Carnival in Rio
Carnival in Rio is arguably one of the biggest and most famous parties in the world. This year I let a friend talk me into experiencing it, but to be honest, it took some convincing. Before experiencing it for myself, the images I had in my head were less than positive. I had the impression that most people would be drunk from sun up to sun down, the beaches would be packed, and general debauchery and bad behavior would reign.
So how did my experience measure up to my expectations? First, to better understand the modern spectacle that happens in Rio, it is interesting to look at its history.
Carnival is a syncretic holiday, one that mixes two belief structures; in this case, ancient pagan traditions and Catholicism. In pagan cultures like ancient Greece and then Rome, it served as a way to invert power dynamics. During this special time of year, the king was a peasant and the peasants were kings. This tradition is echoed in the “anything goes” attitude in Brazil: many people dress in drag, and others transform into alter egos, superheroes, or anything that they can dream up. It is a time to overturn social conventions.
This tradition was eventually adopted by Roman Catholics and called Carne Vale (in Latin literally “farewell to flesh”), linked with the date of Easter, and celebrated as the final day of revelry before Lent. In places like New Orleans it is known as Mardi Gras or Fat Tuesday, and in most Latin American countries and the Caribbean it is still called Carnival. In Brazil they do not limit themselves to one day: the official festivities start the Friday before Fat Tuesday and wind down on Ash Wednesday.
Portuguese colonialists brought their tradition of Carnival with them to Brazil, where the tradition took on a new flavor and mixed with other ethnicities present in Brazil. One of the biggest influences came from the estimated 4 million African slaves who were brought to Brazil during colonial rule.
Today samba is perhaps the most iconic aspect of Rio’s Carnival, and in fact the music that today we refer to as samba was partly developed by the festival. Escolas de Samba, or Samba Schools, have performed during Carnival since the early 20th century, and these schools are credited with crafting the sound of modern samba. The schools practice year-round for their chance to parade in the Sambadrome.
The Sambadrome was built by celebrated Brazilian architect Oscar Niemeyer in 1984. It is a very large stadium (originally built with the capacity for 70,000 people, but the capacity was increased to over 80,000 people in anticipation of the 2016 Olympic Games). On Friday, Saturday, Sunday, and Monday of Carnival, the Samba Schools of Rio strut their stuff down the approximately 1 mile long runway. Prior to receiving the honor of performing in the Sambadrome, each samba school is evaluated by The League of Samba Schools of Rio de Janeiro. The judges evaluate the school’s performance based on things like allegories and decorations, percussion, the flow of the parade, and the costumes.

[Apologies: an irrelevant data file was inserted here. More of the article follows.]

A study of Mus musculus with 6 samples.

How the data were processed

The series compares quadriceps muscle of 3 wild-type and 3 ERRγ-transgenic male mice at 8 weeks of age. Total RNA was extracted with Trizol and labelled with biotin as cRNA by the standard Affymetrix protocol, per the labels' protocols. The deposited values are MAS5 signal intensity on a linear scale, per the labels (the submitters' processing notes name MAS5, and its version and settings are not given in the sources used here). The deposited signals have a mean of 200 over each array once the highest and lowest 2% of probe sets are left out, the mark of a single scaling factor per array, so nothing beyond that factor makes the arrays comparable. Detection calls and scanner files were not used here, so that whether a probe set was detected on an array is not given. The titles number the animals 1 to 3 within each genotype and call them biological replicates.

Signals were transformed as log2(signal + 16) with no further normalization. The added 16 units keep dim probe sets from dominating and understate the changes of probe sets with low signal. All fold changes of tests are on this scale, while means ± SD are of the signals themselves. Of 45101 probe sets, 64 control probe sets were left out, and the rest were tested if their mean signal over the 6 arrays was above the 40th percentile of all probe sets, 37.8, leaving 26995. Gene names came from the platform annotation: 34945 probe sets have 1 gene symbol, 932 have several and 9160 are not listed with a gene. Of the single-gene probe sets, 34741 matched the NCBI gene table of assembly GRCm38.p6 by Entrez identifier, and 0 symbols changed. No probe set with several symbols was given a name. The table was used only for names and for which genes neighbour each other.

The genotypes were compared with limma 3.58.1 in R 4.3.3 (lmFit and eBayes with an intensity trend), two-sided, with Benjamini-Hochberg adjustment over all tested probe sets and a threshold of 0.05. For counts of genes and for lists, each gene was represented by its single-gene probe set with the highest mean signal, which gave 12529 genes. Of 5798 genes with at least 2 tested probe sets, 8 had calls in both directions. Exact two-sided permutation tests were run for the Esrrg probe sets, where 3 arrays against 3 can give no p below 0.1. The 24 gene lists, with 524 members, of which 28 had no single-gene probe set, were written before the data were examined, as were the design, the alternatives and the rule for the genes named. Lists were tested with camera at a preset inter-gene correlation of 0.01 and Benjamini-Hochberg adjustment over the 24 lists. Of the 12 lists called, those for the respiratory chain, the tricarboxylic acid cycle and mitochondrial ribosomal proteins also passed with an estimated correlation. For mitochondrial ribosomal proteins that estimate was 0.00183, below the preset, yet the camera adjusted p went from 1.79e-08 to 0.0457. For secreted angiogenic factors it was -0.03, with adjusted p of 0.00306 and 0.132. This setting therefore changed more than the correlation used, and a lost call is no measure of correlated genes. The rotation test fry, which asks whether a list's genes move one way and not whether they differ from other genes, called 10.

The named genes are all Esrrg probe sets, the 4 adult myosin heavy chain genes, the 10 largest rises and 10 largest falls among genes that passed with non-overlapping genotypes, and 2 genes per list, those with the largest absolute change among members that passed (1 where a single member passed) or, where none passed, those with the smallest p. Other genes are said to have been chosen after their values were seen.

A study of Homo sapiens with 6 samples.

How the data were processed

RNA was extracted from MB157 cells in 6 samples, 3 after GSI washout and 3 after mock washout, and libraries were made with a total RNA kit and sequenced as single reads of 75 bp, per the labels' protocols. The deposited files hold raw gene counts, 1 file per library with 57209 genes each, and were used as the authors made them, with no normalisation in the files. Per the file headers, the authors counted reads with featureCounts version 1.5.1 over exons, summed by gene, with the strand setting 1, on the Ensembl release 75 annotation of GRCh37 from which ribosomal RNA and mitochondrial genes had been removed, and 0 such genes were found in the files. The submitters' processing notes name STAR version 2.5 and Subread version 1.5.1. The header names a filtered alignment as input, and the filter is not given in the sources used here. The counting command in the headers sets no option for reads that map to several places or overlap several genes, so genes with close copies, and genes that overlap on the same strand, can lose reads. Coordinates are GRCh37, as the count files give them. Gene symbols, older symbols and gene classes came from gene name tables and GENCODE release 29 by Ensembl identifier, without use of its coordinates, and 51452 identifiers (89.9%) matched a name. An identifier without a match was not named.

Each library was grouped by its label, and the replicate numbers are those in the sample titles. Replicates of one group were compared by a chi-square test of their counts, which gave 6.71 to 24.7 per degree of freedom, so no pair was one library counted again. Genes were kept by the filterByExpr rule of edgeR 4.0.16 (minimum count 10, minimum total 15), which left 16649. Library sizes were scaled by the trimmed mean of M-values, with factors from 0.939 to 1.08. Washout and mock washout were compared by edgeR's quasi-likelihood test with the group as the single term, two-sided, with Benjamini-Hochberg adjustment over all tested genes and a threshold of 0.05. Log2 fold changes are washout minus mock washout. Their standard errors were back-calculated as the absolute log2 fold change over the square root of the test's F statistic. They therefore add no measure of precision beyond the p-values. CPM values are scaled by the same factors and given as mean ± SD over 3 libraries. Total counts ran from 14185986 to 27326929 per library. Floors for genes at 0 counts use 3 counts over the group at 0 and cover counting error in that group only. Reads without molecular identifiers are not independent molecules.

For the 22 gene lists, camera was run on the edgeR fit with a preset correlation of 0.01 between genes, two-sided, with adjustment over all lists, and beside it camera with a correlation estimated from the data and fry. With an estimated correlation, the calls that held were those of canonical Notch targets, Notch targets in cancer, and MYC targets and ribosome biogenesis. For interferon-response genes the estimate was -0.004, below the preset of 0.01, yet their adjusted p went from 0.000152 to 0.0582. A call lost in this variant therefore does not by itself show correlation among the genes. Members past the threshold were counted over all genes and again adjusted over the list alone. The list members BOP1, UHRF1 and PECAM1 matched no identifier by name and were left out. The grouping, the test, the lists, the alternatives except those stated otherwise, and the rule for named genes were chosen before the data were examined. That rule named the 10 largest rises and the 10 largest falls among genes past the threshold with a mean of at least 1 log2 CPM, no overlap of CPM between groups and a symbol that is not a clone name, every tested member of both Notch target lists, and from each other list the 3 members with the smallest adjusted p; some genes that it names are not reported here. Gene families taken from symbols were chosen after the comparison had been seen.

The Samba Schools who score lower during the evaluation are part of The Secondary League, and they perform on Friday and Saturday night. The top schools form The First League, and they perform on Sunday and Monday night. Due to scheduling I attended the Sambadrome on a Saturday night. I was more than impressed by the dazzling floats and amazing samba dancers of the Secondary League, so it’s safe to say any Carnival night in the Sambadrome will be an impressive spectacle.
The Samba Schools that perform at the Sambadrome are an important part of the celebration and carry the pride of whichever neighborhood they represent, but blocos are actually the most beloved part of Carnival for many Carioca (residents of Rio). These are pre-scheduled and some are so well-known they draw a crowd of thousands. Samba schools or local bands play music and parade down the street, and anyone who wants is welcome to join in the bloco, dancing alongside the musicians. This is the part of Carnival that belongs to the Carioca, celebrated in the streets, a non-commercial and purely exuberant way to celebrate their Brazilian heritage. Contrary to my expectations, Carnival is celebrated by all Carioca, not just the youth looking to party. It is often a family affair, and children will don costumes with their parents and join in the blocos.
While some of my negative assumptions of the event proved to be true (there is plenty of drinking and a slight feeling of anarchy, perhaps echoing back to those pagan times of inversion of power), overall Rio in Carnival surprised and delighted me, and its history and unique expression in Brazil is a very special thing to witness. If you plan on visiting Rio at this time, be prepared to pay double or triple at hotels, know that you may be required to stay for the entire 5 nights of the event, and besides visiting the Sambadrome, do as the locals do and bring a fun costume and join in one of the many blocos.
Ask us how we can help you plan your visit to Brazil during Carnival and beyond.